The volatile nature of the cryptocurrency market needs no introduction after its staggering gains in 2017 and subsequent losses of 2018. Looking at the market as a whole, however, gives us a bigger picture of who were the biggest losers and which coins were the best at storing value.
Total Market Cap Still 11 Times Bigger Than in 2017
The total cryptocurrency market capitalization hit highs of a staggering $830bn in the week commencing January 7, 2018, some $813bn – or nearly fifty times that of the same week in 2017 which stood at $17bn, with Bitcoin [coin_price] accounting for 35% of the total market share.
Nine months on and the euphoria that took hold at the end of 2017 has been replaced with despair and total capitulation of many investors. Total market cap now standing at $187bn; a staggering $643bn or 77% lower than highs earlier in 2018.
It is important to note that while the 2017 hype cycle has somewhat reversed, the total market cap is still 11 times what it was at the start of 2017.
Whilst some of the latecomers to the 2017 market are the biggest value losers, many investors in the space are still waist-deep in gains.
Total Market Cap 2018
Bitcoin [coin_price] has lost the greatest total value of $179 bn, representing a reduction of ‘only’ 62% from the highs seen earlier in the year, however, compared to an 85% reduction in that of the altcoins, which have lost $464bn.
Having spectacularly inflated and subsequently deflated, we can take a closer look at the biggest losers in the market:
Ripple [coin_price coin=ripple], NEM [coin_price coin=nem] Cardano [coin_price coin=ada], and TRON [coin_price coin=tron] have all lost over 90% of their value, with most of the other top coins being close behind.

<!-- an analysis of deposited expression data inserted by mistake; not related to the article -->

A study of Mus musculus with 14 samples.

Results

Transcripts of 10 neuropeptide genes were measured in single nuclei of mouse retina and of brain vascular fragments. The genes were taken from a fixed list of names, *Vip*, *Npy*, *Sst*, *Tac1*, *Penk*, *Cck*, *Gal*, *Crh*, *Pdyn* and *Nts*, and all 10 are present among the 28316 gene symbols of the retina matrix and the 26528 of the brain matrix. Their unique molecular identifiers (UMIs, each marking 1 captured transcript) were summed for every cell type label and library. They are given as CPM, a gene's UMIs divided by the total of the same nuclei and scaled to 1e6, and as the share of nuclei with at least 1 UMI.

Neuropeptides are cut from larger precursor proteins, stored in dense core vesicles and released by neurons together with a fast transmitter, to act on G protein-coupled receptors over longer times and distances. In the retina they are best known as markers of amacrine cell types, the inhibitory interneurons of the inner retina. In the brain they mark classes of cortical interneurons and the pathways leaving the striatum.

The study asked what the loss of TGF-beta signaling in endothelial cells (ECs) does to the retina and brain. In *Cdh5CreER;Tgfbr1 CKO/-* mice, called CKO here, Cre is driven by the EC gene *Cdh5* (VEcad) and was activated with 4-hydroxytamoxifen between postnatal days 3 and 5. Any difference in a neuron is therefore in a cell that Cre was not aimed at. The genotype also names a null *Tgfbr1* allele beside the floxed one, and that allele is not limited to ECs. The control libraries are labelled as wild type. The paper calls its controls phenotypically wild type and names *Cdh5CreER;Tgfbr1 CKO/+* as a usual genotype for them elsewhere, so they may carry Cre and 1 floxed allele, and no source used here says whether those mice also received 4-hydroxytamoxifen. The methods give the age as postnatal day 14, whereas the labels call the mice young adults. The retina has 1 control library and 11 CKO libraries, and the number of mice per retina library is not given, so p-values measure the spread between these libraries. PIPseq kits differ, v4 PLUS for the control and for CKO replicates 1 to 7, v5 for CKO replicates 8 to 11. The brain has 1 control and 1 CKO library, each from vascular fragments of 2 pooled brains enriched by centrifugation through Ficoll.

Ripple, Ethereum [coin_price coin=ethereum] and Bitcoin Cash [coin_price coin=bitcoin-cash] have lost a staggering $244bn; more than twice the current total market cap of Bitcoin and nearly the total value of Bitcoin at its heights.
The only top coin to ‘outperform’ Bitcoin is EOS [coin_price coin=eos], which has only lost 43% of its value earlier in January 2018 and doubled its market share, according to data from Coinmarketcap.com.
While the remainder of the market appears to be continuing to fall, Bitcoin has represented a relative flight to safety for many investors.
Bitcoin has regained some 23% of the total market share from altcoins, hitting a dominance of 58%, with no sign of slowing down.
So while questions remain as to where the bottom will be found for each cryptocurrency, Bitcoin has been stubbornly holding up its market cap lows at around $100bn as others have ‘decoupled.’
Bad News For Cryptocurrencies Not Named ‘Bitcoin’
Assuming investors do not leave the space, a ‘flight to bitcoin’ may result in an uptick in market transactions. Many investors are now tracking Bitcoin value on a network transaction basis, meaning an uptick would potentially serve as an indicator of a value investment with Bitcoin being 62% below its highs of around $20,000.
Questions will remain as to whether investors will return to the lower cap coins after such large price swings without fundamental demonstrative value. But surely some of those who exited the market will find it difficult to resist getting back into a market, which is down 85% from its previous highs.
Is the market dominance reversal indicative of the beginning of the end of the market correction, or is there some way to go?
Will the Bitcoin dominance continue for the forseeable future? Let us know your thoughts in the comments below.